Germans are hard-working and business events tend to be very structured and serious engagements. They are passionate about vehicles. Usually, compensation packages include a car, and the type of car is equal to how much one earns. Germans may seem to speak in a rude, however, it is just the way they speak.
Punctuality in Austria, as in Germany, is renowned throughout the world. Time is managed carefully, and calendars, schedules and agendas are strictly respected. Austrians sometimes give gifts to close business colleagues at holiday-times or to celebrate the completion of an important and successful business deal, however, gifts are usually not expected. Businessmen wear dark colored and conservative business suits; solid, conservative ties, and white shirts. Such a form of dress is expected even during warm time of the year.
Never start a conversation in English, try to speak French, even if your language knowledge is limited to a few words – this will increase your chances of a positive business meeting. French organizations are very hierarchical and communications across these levels can take much time. If you need to speak to the company’s authority, speak to them directly. Try not to call or meet anyone during their lunch break - from 12 till 2pm.
British people value time. If you have a meeting at two o’clock, your counterparts will arrive on time or even before. Sometimes you may feel that British lives are very rushed. Attending social events is different - guests may be expected to arrive about fifteen minutes after the exact time. Regarding business dress code, classical conservative style is the norm for both men and women in British culture and dark colors such as black, dark blue and charcoal grey are the major ones. Bribery and corruption are taken very seriously in the United Kingdom and the chances of a bribe being accepted are very low.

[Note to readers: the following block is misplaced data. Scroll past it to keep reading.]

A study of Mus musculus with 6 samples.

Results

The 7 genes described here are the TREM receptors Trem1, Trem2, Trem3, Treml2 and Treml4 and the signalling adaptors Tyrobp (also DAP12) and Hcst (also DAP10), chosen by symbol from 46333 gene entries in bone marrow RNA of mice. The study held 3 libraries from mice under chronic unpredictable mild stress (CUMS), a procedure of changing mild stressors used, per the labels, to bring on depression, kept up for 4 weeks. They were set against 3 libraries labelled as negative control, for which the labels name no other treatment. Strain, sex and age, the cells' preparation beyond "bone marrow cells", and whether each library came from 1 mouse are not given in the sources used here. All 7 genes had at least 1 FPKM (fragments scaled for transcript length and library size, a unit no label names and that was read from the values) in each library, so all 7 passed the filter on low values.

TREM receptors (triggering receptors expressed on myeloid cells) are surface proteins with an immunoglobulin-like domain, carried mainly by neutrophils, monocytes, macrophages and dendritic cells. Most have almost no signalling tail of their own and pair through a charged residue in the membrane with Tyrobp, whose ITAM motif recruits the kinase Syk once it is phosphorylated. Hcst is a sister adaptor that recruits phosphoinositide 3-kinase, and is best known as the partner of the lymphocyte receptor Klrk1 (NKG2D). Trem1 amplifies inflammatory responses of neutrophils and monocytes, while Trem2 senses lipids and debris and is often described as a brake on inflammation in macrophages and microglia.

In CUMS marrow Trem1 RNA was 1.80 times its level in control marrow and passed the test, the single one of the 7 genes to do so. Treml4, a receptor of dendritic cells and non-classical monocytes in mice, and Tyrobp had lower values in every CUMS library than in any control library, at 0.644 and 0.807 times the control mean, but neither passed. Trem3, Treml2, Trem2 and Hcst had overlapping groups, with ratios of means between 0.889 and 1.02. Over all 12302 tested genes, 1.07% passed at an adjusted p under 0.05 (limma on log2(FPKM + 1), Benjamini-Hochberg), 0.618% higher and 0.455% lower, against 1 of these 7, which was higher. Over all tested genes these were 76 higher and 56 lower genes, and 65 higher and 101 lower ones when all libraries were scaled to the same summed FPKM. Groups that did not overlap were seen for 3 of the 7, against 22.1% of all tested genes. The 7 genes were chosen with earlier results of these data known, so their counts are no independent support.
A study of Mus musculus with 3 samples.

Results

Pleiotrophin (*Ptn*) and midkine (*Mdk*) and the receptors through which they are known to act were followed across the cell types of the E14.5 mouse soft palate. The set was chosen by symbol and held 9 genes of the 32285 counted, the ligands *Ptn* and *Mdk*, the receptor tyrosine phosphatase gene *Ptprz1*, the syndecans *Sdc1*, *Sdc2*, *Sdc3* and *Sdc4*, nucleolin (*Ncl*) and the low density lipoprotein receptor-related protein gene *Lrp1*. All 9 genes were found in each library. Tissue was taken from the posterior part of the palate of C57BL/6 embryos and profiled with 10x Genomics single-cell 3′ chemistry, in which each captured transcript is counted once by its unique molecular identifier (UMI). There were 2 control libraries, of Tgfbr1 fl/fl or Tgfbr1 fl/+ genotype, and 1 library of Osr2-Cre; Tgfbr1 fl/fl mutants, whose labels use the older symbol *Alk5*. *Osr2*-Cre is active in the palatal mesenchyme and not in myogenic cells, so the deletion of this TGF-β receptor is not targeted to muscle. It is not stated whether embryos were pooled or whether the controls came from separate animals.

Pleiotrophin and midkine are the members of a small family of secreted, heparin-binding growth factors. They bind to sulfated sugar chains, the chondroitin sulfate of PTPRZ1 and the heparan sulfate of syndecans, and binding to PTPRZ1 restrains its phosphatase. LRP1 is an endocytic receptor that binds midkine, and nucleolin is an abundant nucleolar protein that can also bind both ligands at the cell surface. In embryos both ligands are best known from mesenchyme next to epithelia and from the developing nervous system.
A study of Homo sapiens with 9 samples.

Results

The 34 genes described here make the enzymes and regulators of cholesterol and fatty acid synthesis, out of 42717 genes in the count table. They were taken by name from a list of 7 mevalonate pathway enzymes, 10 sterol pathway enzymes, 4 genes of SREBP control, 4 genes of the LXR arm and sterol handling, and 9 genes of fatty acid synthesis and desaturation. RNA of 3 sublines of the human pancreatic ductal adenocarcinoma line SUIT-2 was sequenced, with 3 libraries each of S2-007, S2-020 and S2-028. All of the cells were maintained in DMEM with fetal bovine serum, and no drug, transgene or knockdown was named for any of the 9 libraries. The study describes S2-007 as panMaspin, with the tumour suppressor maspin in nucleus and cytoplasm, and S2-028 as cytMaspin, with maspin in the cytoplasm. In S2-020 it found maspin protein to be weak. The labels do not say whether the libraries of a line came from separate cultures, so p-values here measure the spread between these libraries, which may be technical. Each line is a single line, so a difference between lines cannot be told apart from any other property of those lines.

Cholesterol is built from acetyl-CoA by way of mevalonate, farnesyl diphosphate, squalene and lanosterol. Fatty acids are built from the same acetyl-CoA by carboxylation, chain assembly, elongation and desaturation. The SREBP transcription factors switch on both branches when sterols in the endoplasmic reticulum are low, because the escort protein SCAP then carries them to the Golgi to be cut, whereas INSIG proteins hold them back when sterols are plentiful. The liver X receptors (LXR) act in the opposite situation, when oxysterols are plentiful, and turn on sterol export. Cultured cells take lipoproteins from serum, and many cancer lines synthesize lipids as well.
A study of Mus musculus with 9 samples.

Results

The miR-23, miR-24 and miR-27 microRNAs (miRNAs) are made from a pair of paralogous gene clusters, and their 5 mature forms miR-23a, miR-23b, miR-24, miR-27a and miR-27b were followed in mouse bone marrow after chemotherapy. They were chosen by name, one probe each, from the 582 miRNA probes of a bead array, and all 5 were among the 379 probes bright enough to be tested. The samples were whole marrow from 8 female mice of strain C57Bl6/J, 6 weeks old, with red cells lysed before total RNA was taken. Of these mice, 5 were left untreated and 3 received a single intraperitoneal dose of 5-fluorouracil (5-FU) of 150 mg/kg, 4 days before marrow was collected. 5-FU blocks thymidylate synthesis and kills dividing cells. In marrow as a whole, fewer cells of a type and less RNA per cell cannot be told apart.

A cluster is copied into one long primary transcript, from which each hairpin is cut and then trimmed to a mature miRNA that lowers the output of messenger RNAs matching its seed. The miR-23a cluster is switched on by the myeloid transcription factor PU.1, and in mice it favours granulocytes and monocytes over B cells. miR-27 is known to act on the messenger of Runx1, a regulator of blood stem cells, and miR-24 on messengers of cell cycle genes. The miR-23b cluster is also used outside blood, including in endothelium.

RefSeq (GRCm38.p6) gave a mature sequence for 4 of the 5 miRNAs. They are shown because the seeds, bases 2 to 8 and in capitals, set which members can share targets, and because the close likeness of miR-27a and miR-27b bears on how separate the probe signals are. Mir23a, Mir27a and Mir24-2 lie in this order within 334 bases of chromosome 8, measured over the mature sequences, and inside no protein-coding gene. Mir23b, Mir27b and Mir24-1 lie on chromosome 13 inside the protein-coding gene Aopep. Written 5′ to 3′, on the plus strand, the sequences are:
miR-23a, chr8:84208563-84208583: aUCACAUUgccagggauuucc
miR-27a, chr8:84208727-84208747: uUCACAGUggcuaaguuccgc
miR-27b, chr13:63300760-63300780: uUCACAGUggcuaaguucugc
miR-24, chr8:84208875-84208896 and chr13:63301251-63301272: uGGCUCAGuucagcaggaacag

Among senior directors, who like to demonstrate their power by keeping visitors waiting, punctuality is not important. For a meeting of employees, punctuality should be expected: meetings will start on time but will continue until all points are covered. When you are considered a “guest”, it is very common to combine meetings with food and drinks. Russians love to demonstrate their generosity. In communication, Russians tend to be direct and do not avoid confrontation. They can be extremely emotional at some points.
Many business meetings take place around a large, round table. It's inappropriate to push for a final decision during the first meeting, as decisions are not made in the meeting themselves. Usually, decisions are made after a meeting ends, once the entire group has a chance to collectively make a decision. The exchange of business cards is a very formal procedure. (This is especially true in Japan, but also works the same way in China). Business cards should be presented with both hands and accompanied by a head nod.
Business associates typically greet each other with a handshake. Punctuality is expected, as |time is money”.
While building personal relationships with business associates is considered important, small talk is kept at a minimum during designated meeting times -- unless the meeting is held over drinks or a meal. American business dress code is slightly different from European, as many companies practice “casual Fridays”.